Cooking Class at Quince

Hey Stephanie here.

Dining Area

I recently went to Quince as part of the Ernst & Young’s Emerging Leaders program that I attended. The experience was amazing, and of course being a foodie, one of my favorite parts of the program was getting to cook, take pictures and then eating the food!

Quince is not only a cooking class studio, but they also are a mini grocery store (selling their own packaged prepared sauces and dishes). Quince is also a cafe (during the day) where you can stop by for some

Us in aprons!

grilled gourmet sandwiches and coffee. And from their website, Quince also does catering too!

Skewering Yakitori

Since I usually blog about restaurants, this will be the first time I’m rating a cooking class. I guess you can say that I will be rating my own cooking!

For a cooking class, I just expected to be learning how to cook a couple dishes, but it really was an experience!

We first walked in (we were a large group), and got a chance to relax and mingle in the dining area. They gave us some mini appetizers of some crackers with antipasto, some chorizo(?) and some oil &

A Casis-flavoured drink. Very good!

vinegar. They also gave us some an fizzy orange drink. It was good, but it reminded me of orangina a lot. Lol.

Quince has a large commercial kitchen, and

The chef in charge, Chef Andrea was really nice! She gave a quick tutorial of each dish, and then allowed us replicate each dish. First, we made Yakitori. Yakitori is a Japanese dish that is basically marinated chicken on a skewer. The dish was surprisingly simple; all we needed to do was dip the chicken in the marinade and skewer them. We first pan-fried then, and then we were supposed to let the rest of the chicken cook in the oven . However, my group was a bit slow and didn’t get a chance to finish them off in the oven. The chicken was quite flavourful (considering the amount of time we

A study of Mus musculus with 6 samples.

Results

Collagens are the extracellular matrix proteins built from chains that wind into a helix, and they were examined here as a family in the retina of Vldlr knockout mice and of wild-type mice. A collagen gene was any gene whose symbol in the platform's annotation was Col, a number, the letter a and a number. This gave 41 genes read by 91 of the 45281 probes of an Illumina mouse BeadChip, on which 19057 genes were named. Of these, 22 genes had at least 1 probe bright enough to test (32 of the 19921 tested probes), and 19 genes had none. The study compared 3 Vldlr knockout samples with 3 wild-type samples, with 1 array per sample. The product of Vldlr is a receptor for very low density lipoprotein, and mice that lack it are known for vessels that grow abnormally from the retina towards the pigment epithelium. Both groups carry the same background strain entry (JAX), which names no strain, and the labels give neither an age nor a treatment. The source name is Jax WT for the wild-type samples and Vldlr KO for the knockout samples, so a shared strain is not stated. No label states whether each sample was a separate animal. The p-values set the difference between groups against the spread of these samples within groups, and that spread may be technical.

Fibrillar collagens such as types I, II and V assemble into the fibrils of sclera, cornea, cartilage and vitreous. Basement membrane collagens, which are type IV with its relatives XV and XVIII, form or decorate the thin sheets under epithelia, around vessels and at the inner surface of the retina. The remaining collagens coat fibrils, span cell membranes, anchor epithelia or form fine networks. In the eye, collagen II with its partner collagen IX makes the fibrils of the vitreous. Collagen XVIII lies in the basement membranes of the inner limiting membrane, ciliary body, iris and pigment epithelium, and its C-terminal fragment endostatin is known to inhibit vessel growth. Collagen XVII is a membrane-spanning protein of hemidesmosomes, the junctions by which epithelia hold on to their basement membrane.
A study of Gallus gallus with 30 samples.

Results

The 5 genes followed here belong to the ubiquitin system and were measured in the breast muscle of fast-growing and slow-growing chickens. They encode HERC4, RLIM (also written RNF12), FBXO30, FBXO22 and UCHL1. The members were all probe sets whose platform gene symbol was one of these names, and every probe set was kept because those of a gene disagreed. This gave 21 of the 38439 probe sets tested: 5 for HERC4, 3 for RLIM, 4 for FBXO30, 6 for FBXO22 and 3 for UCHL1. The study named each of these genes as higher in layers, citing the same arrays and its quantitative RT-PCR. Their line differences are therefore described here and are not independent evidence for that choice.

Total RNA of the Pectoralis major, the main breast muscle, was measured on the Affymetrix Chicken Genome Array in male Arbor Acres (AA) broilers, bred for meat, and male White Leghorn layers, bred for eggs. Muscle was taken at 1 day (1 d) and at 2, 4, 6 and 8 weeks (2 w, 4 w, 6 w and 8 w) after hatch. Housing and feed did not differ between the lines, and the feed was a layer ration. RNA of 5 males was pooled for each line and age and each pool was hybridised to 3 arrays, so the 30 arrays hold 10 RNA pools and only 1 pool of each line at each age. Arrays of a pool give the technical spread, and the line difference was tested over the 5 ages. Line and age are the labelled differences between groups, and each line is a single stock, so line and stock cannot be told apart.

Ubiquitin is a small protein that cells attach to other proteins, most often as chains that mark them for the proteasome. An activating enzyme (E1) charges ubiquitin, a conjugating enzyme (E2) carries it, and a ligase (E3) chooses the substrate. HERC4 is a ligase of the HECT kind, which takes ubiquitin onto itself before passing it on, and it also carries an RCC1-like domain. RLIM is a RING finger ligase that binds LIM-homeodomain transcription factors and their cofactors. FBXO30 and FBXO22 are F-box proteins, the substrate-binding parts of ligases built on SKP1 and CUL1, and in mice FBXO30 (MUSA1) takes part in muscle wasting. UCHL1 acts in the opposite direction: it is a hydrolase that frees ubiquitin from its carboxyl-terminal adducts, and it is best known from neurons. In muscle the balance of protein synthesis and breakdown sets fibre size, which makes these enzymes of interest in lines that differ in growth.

Japanese Salad

marinated the chicken), but I think we should’ve stuck it in the oven because I think I ate a bit of raw chicken on my skewer. Oh well, I’m fine now.

With the Yakitori, we made Japanese Salad. I’m pretty sure this is not really authentic Japanese, but it was a good dish. It was a pretty easy peasy dish, considering all we did was chop up the lettuce, daikon, pea shoots and tomatoes. To make things easier, the dressing was also pre-made for us.

The Appetizer!

Next up for the main course, we were instructed to grill Ancho Chili and Lime Marinated Flat Iron Steak. These were quite easy to make, all we needed to do was just salt & pepper them! I guess that hard part was searing them and not having them overcooked, but an expert in our group did all the searing for us. She cooked the steak to a perfect medium-medium rare and it tasted very, very, very good. It was quite juicy and tender, but I wouldn’t say it was the kind of steak that melted in your

Our marinated steaks


Accompanying the steak was the Pommes Frites. (means French Fries in French). This was definitely the highlight of the meal. The pommes frites were already prepared for us: the potatoes were cut into thick slabs (almost thicker than white spot fries) and were perfectly crunchy perfectly starchy on the inside. I think was made it taste so good, was that they deep fried it twice. One of the best Pommes Frites, I’ve ever had. And to go with the pomme frites, we

Searing the steaks!

made chipotle aioli. This, our group actually made from scratch. We also had Mixed Vegetables on the side that were sauteed and then baked in the oven for us.

Oh, and did I mention that with every course, we were served drinks that were paired with the dishes that we made. The Chef is also a Sommellier as well.

For dessert, we were served Tiramisu. We were shown how to make this, but didn’t get to make it ourselves. It was a delicious, simple recipe and I quite

Our main dish. So good.

enjoyed it. Actually, my mom makes Tiramisu as well, and it tasted quite similar.

Overall, this experience was really fun! I would have liked more hands-on experience cooking the dishes (since some of the marinades and sauces were pre-prepared for us already). However, it would have probably taken a longer time and I was actually quite hungry before the cooking class. The cooking class at Quince was quite the experience, and I would recommend this place. They do cooking


classes for the public as well, so check them out!

Quince on Urbanspoon


5 Responses to “Cooking Class at Quince”

  1. finally – an update ;)! good work, steph! thanks for sharing your cooking class experience

  2. You have 2 faithful readers! I love the review and the pictures bring back memories of the yummy dinner we had at Quince!